The privilege will never fade, seeing Eubena impregnate a clean canvas surface with her brush, germinate her intentions and grow this flame-bright picture of tracks and travels into maturity.
Piloting across the desert that early morning, relatively low as usual to inhale the undulations, light, shapes and lines across the desert, we arrived in Wirrimau (Balgo Hills) to find Eubena (Yupinya) Nampitjin ready to get to work on this, her larger than usual newly prepared ‘board’.
During the next two days at Warlayirti’s ‘Sister’s Laundry’ Art Centre building where she came to paint, Nampitjin’s concentration did not waiver. Either sitting outside in the warmth of the early sun or in the shade of the old corrugated verandah, Eubena tucked her slender legs up to one side and, with a cup of tea on the other, kept her movements to a minimum, her focus steady and determined.
Her brushes would delve into tubs of glistening red white and orange colour with a rhythm that matched her lullaby voice as she shared past events, honing them into sight; students gathering, looking on. There was a particular sigh that Eubena would give; long and audible as she stretched her back up from her work. A mixture of relief from concentration, and pride; a demonstration of effort, and satisfaction. Sometimes a hearty giggle-come-call would burst the air in her high gravelly voice, seemingly at the idea of painting ‘it all’. But soon Nampitjin would be back to work.
Eubena liked to paint with her ‘board’ to the front, close to her lap, on the floor. Leaning across to turn an edge for fresh reaches the hoiked stretcher would scrape the ground causing baby billows of sand to risk inclusion forever.
As a true desert person, Eubena lived a hunter-gatherer life until she was a young woman, and never allowed her skills to wither. Painting later in life, beginning with her husband Wimmitji Tjapangarti, Eubena told ‘Warlayirti Artists’ for this painting’s certificate to say that she is “Painting her Mother’s Country near Williluna”, “Long way trip-true”.
We watch thick plastic pigment be groomed into place under Eubena’s confident hand. Two vertical lines dividing the painting emerge as the marlu (kangaroo) roads. Horizontal lines of more detailed brush-strokes appear as sand-dunes and the three central roundels become wells; two of ‘living water’ – meaning this precious fluid is always to be found – and one rockhole known as ‘Warlull’.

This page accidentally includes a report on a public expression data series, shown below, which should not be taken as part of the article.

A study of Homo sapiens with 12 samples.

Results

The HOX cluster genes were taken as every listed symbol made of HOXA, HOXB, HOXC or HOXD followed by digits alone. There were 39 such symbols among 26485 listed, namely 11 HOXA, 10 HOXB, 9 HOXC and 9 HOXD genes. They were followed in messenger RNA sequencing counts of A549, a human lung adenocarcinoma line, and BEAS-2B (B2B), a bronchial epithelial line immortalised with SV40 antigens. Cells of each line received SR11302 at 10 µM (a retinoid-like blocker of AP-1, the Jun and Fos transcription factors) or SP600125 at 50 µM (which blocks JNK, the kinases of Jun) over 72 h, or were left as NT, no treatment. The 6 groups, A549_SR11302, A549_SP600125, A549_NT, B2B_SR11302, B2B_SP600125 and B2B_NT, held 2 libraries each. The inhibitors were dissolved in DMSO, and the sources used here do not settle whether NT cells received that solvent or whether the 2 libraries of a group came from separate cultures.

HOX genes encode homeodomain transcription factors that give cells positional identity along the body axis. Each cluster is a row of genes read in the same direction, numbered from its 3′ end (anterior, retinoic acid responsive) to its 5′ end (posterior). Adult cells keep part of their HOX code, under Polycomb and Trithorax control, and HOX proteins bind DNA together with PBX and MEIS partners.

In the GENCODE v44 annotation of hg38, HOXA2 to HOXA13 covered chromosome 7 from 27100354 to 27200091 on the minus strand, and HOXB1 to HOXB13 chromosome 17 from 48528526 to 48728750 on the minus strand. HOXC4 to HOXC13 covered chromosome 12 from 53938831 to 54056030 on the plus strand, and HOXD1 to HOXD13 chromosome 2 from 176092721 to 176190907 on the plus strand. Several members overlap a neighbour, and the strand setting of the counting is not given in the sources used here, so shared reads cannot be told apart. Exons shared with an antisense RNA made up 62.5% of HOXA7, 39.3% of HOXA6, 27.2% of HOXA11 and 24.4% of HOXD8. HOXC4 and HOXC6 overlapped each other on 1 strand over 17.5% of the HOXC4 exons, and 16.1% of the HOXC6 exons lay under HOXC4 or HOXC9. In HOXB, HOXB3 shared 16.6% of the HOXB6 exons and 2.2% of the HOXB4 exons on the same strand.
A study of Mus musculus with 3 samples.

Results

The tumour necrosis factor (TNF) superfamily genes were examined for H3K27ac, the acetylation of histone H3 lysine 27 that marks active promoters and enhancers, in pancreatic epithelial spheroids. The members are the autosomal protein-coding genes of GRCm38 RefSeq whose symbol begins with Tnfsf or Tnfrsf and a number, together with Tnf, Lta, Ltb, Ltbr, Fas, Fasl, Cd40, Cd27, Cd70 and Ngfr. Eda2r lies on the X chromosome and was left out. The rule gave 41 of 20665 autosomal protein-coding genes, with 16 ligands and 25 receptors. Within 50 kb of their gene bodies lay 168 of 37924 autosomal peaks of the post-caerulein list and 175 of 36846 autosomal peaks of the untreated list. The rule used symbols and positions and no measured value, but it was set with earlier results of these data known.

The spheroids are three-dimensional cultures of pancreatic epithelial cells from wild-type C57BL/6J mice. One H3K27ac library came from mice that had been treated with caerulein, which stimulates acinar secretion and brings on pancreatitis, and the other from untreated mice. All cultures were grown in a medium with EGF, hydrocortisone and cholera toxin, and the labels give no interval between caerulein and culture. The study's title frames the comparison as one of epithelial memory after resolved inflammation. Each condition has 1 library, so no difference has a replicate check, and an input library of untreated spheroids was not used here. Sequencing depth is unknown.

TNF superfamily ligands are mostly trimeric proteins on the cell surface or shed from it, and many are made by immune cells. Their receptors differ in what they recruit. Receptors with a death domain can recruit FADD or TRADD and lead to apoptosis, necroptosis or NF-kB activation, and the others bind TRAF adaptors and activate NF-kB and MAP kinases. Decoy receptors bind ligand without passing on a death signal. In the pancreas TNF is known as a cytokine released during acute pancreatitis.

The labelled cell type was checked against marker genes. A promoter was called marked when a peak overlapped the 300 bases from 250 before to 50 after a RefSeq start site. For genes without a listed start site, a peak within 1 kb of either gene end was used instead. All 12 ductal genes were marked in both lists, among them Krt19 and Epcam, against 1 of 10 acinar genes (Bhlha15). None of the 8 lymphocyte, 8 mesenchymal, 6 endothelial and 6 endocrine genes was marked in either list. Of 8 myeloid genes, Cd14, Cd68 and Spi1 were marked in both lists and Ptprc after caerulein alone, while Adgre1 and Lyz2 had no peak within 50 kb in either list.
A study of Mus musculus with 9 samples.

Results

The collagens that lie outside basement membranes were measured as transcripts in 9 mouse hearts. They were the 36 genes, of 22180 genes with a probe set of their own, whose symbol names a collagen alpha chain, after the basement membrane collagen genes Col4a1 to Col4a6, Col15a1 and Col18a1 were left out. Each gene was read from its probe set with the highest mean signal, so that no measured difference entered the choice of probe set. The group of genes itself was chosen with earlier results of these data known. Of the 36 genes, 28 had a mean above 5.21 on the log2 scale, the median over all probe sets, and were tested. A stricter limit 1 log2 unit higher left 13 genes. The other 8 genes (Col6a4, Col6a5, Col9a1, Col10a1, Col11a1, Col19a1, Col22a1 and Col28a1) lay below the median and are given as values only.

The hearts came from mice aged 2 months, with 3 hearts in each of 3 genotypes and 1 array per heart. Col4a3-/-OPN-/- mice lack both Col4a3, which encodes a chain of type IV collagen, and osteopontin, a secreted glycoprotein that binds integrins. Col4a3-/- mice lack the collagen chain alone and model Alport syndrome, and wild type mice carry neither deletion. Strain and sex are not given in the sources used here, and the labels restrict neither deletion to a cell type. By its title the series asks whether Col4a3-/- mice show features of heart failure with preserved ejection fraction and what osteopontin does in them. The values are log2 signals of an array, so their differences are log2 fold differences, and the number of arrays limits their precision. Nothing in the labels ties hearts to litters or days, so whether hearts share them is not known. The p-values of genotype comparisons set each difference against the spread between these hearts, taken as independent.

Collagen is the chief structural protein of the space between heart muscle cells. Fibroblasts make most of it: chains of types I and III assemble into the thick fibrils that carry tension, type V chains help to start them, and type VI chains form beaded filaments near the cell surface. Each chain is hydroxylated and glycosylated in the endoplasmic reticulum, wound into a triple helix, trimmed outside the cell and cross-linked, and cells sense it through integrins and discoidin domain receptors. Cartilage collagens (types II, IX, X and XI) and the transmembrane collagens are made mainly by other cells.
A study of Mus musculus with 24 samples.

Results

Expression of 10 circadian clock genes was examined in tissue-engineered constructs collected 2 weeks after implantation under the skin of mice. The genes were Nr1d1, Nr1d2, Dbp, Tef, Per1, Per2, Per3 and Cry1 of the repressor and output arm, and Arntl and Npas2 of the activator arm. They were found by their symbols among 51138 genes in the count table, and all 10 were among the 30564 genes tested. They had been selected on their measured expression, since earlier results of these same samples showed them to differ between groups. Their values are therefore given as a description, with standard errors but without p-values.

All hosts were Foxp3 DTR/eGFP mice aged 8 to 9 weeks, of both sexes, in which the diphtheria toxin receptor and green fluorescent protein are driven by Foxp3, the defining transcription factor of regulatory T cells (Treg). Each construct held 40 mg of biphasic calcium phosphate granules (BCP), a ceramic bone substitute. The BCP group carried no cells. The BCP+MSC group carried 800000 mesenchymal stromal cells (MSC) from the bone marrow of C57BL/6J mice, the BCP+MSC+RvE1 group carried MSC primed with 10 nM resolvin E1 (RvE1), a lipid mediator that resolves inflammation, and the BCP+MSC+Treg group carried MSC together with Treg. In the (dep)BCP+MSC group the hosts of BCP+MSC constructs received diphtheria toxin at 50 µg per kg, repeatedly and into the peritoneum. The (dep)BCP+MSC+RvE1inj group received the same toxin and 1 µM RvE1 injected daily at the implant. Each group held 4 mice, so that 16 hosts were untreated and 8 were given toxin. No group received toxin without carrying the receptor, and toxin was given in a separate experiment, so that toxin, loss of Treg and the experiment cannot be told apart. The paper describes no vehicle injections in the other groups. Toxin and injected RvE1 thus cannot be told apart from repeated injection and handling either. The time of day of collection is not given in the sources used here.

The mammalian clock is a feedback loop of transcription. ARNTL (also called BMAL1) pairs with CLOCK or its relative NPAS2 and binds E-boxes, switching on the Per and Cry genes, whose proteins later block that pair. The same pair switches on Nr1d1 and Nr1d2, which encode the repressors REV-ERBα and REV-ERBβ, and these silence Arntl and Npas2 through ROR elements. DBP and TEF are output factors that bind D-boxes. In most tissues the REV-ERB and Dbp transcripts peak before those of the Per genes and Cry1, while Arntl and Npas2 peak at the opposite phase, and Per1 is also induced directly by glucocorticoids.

Pausing for an appraising look ‘Eubs’ – as she was fondly known – pushes and strokes the acrylic paint that she liked to have smooth and as soft as whipped cream, en mass. Put your hand near one of her thickly painted surfaces and you might match Eubena’s open finger marks – where she has dragged then concertinaed the pigment into bright, tight stacatto tips – reflecting even more her own light, and depth.
The recent flight over undulations, shapes and line series starts to pale in comparison to the actualities added in Eubena’s painting. Her near parallel courses of colour are sparked into life by lightening white strikes. White between quick changes from orange to yellow to red. Repeated in layers the artist builds three sections within the painting (a nod to the previous Art Manager, James Cowan, who introduced three panel paintings – usually for three different artists). The wave columns become distinct areas of country; areas of married separation.
The sand-dunes run beside each other, steering a few degrees this way then that, as they do. Then appear caught in mid flight and flashed to canvas with such ferocity that Eubena’s visual landscape is the full force of life itself.
The above painting by Eubena (Yupinya) Nampitjin, was talked of under the ‘Teaching’ group in 13th November’s Blog Post ‘Aboriginal, Indigenous Art Criticism’. It is here re-linked: (please let me know if the image gets kidnapped again.)
(… Watching the waves of bright colour flow across Nampitjin’s expanse of country, I suddenly felt awash in her oceans of vital-forces; a tiny vessel in a huge sea. “Better throw me a lifejacket” I asked of John Oster the then Arts Manager, breathless in the swell of Nampitjin’s picture, and the looming committment to show this work widely. ref. Luminous).
This article first appeared on www.palya.com.au on the 18th December 2016. Text: Helen Read 2016.
Helen Read is an artist and former nurse-pilot for the Pintupi Homelands Health Service in Walungurru (Kintore), Kiwirrkurra, Gibson Desert, Central Australia.